Interview With Bishop Renato Boccardo

VATICAN CITY, APRIL 4, 2005 (Zenit) - John Paul II died at the end of the vigil Mass of Divine Mercy Sunday, the feast that he himself instituted five years earlier for the universal Church.

Bishop Renato Boccardo, recently appointed secretary-general of Vatican City State, led the faithful in prayer in St. Peter's Square after the announcement of the Pope's death. He called John Paul II "the apostle of mercy."

Indeed, the prelate will focus on this topic when he addresses an unprecedented retreat for priests from all over the world. The retreat is scheduled June 20-24 in Krakow, Poland.

In this interview with us, Bishop Boccardo illustrates the transcendence of the message given by Christ through Sister Faustina Kowalska (1905-1938), the Polish nun and mystic linked to the Divine Mercy devotion.

Q: At the international priests' retreat you have been invited to speak about the Pope as an apostle of mercy. In what way was the Pope an apostle of mercy?

Bishop Boccardo: I think that in the almost 27 years of his pontificate, the Pope has been an apostle of mercy at two levels.

First of all, through his teaching given in various documents and in particular done through his encyclical "Dives in Misericordia." But at the same time, the second dimension is through his gestures. It is his gestures which remain in the memory and conscience of the Church beyond his words.

I'm thinking of the pardon given to his would-be assassin and the visit made to him in prison. I'm thinking of the closeness manifested many times with all those who in a particular way need Divine Mercy. That is to say, those sick with AIDS, elderly abandoned people, the sick in general.

I'm thinking of him on Good Friday in St. Peter's Basilica, welcoming pilgrims with the sacrament of confession, the highest instrument of the mercy of God.

It seems to me that Pope John Paul II linked together words and gestures of mercy. A mercy which manifests itself right there through a caress, a listening ear, through the way he looked intensively at those who suffer.

I'm thinking of the example of mercy -- that of offering the chance of forgiveness during the Great Jubilee of the Year 2000. Therefore, through his person and through his teaching, the Pope has recalled the Church to this fundamental dimension of the Christian life.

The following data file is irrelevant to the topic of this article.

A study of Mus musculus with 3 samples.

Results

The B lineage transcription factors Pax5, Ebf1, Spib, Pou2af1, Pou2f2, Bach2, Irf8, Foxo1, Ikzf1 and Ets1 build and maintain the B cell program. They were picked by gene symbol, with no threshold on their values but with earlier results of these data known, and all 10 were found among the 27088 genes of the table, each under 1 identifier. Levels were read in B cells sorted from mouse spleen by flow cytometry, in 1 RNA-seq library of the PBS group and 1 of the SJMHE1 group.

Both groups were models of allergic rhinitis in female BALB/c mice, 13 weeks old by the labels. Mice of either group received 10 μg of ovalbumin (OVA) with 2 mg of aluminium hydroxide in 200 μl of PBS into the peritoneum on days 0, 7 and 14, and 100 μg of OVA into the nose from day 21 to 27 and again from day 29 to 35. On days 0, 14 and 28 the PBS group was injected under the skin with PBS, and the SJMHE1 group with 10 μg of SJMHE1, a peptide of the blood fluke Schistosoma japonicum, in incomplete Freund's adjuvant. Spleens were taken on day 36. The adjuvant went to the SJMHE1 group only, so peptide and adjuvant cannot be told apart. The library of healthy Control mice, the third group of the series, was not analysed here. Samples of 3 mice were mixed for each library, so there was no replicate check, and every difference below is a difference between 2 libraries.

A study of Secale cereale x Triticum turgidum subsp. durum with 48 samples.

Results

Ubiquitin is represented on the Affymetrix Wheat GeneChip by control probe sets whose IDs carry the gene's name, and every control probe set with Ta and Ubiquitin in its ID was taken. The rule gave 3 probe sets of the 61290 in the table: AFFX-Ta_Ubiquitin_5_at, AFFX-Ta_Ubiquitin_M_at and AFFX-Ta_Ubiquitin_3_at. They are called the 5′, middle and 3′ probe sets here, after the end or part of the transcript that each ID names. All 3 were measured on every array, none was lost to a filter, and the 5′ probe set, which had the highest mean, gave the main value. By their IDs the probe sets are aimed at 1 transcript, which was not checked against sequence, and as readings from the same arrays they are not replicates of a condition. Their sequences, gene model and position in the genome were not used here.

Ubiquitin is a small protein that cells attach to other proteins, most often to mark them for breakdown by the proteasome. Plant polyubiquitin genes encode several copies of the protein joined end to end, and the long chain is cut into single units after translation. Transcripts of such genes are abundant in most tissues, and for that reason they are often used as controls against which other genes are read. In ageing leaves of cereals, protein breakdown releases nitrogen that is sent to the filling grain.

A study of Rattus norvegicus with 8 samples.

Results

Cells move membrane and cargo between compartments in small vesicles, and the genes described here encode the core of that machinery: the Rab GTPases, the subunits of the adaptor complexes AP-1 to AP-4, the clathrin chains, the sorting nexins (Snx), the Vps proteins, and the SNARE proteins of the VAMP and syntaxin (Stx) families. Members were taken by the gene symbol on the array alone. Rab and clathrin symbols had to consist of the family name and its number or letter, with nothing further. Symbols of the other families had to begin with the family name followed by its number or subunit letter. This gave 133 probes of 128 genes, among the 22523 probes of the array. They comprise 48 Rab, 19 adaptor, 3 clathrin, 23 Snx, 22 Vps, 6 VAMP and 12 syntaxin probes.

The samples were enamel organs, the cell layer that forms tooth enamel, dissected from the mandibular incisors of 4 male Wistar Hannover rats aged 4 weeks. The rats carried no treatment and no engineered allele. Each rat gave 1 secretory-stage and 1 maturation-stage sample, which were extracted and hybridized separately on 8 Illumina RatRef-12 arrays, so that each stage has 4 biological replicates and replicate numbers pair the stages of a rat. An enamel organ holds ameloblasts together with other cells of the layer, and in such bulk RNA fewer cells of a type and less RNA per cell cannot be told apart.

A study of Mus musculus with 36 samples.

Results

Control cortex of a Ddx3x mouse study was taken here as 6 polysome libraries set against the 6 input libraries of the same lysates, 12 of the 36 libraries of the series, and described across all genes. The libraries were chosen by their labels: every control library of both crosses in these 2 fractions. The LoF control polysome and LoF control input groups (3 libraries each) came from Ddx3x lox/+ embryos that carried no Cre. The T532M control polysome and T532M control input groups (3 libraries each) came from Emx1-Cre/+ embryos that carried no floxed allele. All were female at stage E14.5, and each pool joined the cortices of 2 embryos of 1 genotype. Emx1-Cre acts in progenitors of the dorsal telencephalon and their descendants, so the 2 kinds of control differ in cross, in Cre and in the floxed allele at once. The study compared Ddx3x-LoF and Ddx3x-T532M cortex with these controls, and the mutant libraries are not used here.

Q: John Paul II said: "Mercy, unique hope for the world." Why did he give so much importance to Divine Mercy for the future of the world?

Bishop Boccardo: Our postmodern and modern world seems to have experienced every possible way to try to improve its life through scientific and technical progress and yet continues to experience a huge poverty. Let's go back to the words of the Gospel: What worth is it for man to gain the whole world if he loses his own soul?

And our very modern world, so rich in science and technological discoveries, finds itself in the end incapable of finding meaning in its own existence. It finds itself divided within, driven by hate, war and death and struggles to find the strength and reasons to live and hope.

And we Christians believe that our reason and our hope for existing is to be found only in the heart of God. So our postmodern world, plunged in its own poverty, needs to hear more than ever the proclamation of the grace and mercy which comes from above.

It's in accepting this greater mystery, which comes to us gratuitously through mercy, that the world will find the meaning of its existence.

Q: What impact, if any, has the feast of Divine Mercy had on the life of the Church?

Bishop Boccardo: Above all, I believe that this feast of Divine Mercy is a gift that the Pope John Paul II has made to the Church, establishing it on the first Sunday after Easter -- a gift which probably responds to an expectancy in our world which more than ever experiences the need for mercy and goodness.

And we know that the source, the fountain of mercy and goodness is in the heart of God. It is important that the Church becomes ever more, as the Pope said several times, minister of this mercy and goodness of God.

So now, by declaring a day specifically set aside for the celebration and proclamation of the mercy of God, which through the sacrifice of Christ reaches all mankind, this day becomes a work of evangelization.

Q: Why did the Holy Father place the feast of Divine Mercy so close to Easter?

Bishop Boccardo: Celebrating Divine Mercy on the first Sunday after Easter makes for, I would say, a reaffirmation of the greatness of the Easter mystery. God the Father wanting to save humanity sent his Son. And his Son gave his life for humanity. What is this, then, if not the mercy of God?

But of course, Divine Mercy Sunday cannot remain a private devotion. It's a feast that redresses and encompasses the whole of the life of the Church. It is strictly linked to the Easter mystery. The same Easter mystery reveals the mercy of God and the goodness of God with regard to humanity.

Q: Why have two cardinals and two bishops decided to propose this retreat to priests?

Bishop Boccardo: I just have to say that I was present with the Pope in the celebration of the dedication of the sanctuary in Lagiewniki. And I was really struck by what the Pope said during the celebration: "Who would have thought that the young man with wooden clogs on his feet coming home from work every evening and stopping here in the Chapel of Divine Mercy to pray, would one day be coming back as Pope to consecrate this sanctuary."

That's to say, the mysterious story that Divine Providence writes in the life of men -- intensive moments of great emotion.

Then, we also know that from that place, from that shrine the devotion of Divine Mercy radiates throughout the world. Certainly, a richness of grace and blessing. Therefore, I hope and think that this international retreat will be an effusion of grace, a blessing for those who participate in it and through them for Church.